Humans seek breaks.
I was recently listening to a podcast which stated that social media companies intentionally reduce the breaks in information because as humans we seek breaks. It made me think that television programmes have breaks, books have chapters but social media is an endless scroll of huge amounts of information.
Who owns who?
The penny dropped, I started to eye my own phone with suspicion. This small but prominent member of my family had been dictating when I should respond to emails, look at photos of my friends on holiday, or consider who had liked my tweets and, and, and so many notifications which all appeared to require me to respond there and then. Before you know the habit of picking up your phone every time it buzzes, or chimes is deeply ingrained and will take conscious effort to break.
Learning to focus.
These interruptions would then disrupt whatever task I was focused on but that’s ok isn’t it? That’s multitasking which is a good thing right? Wrong. Multitasking can be good, achieving more than one task well at one time can be super productive but urge caution; multitasking when attempting to produce a quality piece of text or read an important report will simply result in errors and constantly losing the thread. The more we condition our brains to flit from one activity to another the harder it is to focus.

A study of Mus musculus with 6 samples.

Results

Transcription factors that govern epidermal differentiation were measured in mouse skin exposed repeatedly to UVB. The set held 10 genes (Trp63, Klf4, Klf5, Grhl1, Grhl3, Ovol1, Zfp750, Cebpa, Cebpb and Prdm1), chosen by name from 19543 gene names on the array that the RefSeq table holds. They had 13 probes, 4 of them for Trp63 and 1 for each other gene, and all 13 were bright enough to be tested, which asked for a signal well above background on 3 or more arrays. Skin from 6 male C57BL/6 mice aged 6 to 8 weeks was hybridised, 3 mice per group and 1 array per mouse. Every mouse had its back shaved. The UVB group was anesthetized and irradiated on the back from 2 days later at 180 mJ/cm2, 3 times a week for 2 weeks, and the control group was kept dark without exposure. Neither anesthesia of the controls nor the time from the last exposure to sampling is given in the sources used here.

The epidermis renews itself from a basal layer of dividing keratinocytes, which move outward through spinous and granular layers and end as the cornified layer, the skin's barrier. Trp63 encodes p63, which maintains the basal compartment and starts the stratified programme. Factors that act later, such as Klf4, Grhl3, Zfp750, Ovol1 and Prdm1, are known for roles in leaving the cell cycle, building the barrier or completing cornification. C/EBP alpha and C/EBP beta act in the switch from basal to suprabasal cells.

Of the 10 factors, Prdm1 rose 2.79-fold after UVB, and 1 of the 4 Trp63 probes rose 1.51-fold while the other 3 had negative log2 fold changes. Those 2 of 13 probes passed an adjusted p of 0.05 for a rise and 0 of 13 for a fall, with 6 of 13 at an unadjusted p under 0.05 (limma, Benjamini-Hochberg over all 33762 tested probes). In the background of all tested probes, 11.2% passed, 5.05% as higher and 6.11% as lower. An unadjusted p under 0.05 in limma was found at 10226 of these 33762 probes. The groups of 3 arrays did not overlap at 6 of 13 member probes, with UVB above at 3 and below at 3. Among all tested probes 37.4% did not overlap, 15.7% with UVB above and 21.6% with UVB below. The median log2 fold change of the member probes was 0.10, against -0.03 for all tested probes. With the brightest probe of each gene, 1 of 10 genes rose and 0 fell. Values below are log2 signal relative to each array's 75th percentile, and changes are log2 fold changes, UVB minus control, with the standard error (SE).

Back in control
Enough was enough! I missed my old brain power and decided to turn the tables on my phone. I removed all social media from the homepage meaning I chose when to log in and look at it via my browser or my laptop. After a week I realised I wasn’t missing out on much as I thought. I began seeking out specific people on social media rather than just scrolling through acquaintances and past interests. My ability to focus, especially on text, has improved which is a relief and comforting to know although our brains may have adapted and bent to the will of technology, they can re-adapt to enjoy a good old paperback once again.